This principle may sound like a no-brainer, but you would be surprised at the large percentage of singles who have the attitude that says, "I just want to get married, and once I've got my man (or woman), then we'll work things out." Lonely and worried they'll never marry, many singles are so intent on getting to "I do" that they don't invest the necessary time and effort to make a great decision. Most of the failed marriages I have encountered were in trouble the day they began.
But before you swear off marriage completely, be aware that recent research offers great news for singles: A number of studies show that premarital variables can predict which couples will do well and which will not with 80 to 94 percent accuracy. This means you can know in advance if you and your potential mate have a much-better-than-average chance of succeeding in marriage.
Think about it: You don't have to wonder, hope, and believe that you'll have a happy, lasting marriage; you can be very close to knowing it with certainty. And the secret to success begins first and foremost with your choice of whom to marry.
Let me offer what I believe are the four most important factors for choosing a great life partner:
Dr. Neil Warren is a psychologist, popular speaker and the founder of eharmony.com based in Pasadena, Calif. His best-sellingbooks include "Finding the Love of Your Life" and "How to Know if Someone IsWorth Pursuing in Two Dates or Less."
In 75 to 80 percent of all marriages that eventually end in divorce or separation, at least one of the partners suffers from an emotional health deficiency. Usually, this problem has haunted them for years, long before they got married. I'm so convinced of this that I tell people that no marriage can ever be healthier than the emotional health of the least healthy partner.
The fact is, personality or behavioral problems will not vanish when you get married. If there are qualities about your partner's personality or behavior that you question-such as jealousy, temper, irresponsibility, dishonesty, or stubbornness-ask yourself if you are willing to spend the rest of your life dealing with these problems. Obviously, if the person you are considering has a drug or drinking problem or trouble with sexual integrity, you should make absolutely sure that he or she has worked through the problem well in advance of your marriage.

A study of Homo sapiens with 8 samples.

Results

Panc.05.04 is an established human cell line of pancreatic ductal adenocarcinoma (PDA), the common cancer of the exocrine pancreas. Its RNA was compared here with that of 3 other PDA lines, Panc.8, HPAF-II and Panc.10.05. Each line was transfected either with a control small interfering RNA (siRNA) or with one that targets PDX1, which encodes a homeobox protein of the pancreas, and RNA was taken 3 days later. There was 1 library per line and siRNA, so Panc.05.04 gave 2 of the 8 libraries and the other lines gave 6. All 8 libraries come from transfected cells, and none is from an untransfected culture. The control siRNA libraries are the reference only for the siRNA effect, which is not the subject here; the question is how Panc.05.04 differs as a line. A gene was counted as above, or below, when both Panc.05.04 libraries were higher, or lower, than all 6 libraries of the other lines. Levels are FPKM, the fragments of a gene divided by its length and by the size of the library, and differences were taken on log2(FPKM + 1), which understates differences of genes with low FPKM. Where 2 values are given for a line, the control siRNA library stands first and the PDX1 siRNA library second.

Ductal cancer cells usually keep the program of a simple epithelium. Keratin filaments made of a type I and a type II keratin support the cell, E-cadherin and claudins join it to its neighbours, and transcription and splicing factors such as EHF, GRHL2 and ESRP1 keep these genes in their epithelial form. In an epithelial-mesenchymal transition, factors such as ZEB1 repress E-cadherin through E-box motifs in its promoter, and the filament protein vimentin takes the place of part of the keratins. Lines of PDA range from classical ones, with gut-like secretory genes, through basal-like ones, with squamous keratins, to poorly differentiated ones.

2. Look for someone who is a lot like you. For couples, similarities are like money in the bank, and differences are like debts they owe. Suppose you received two bank statements in the mail today, one showing the amount of money in your savings account, the other showing the charges on your credit card. If you have a large savings account and little debt, you're in a position of strength and you can weather economic storms. If a financial crisis arises, you have the means to handle it.
If you want to make a marriage work with someone who is very different from you in background, you will need a large number of similarities in values as permanent equity in your account. That's because every difference you have requires negotiation and adaptation. One of you has to give a lot, or both of you have to give some. In either case there is a need for plenty of change and energy for negotiations. If couples are unwilling to bend and adjust, they'll experience regular flashes of resentment and frustration. But even if you make the necessary changes, you will still experience the kind of stress that comes whenever significant change is required. If there are too many differences, you may not be able to survive all the strain involved in adapting to each other.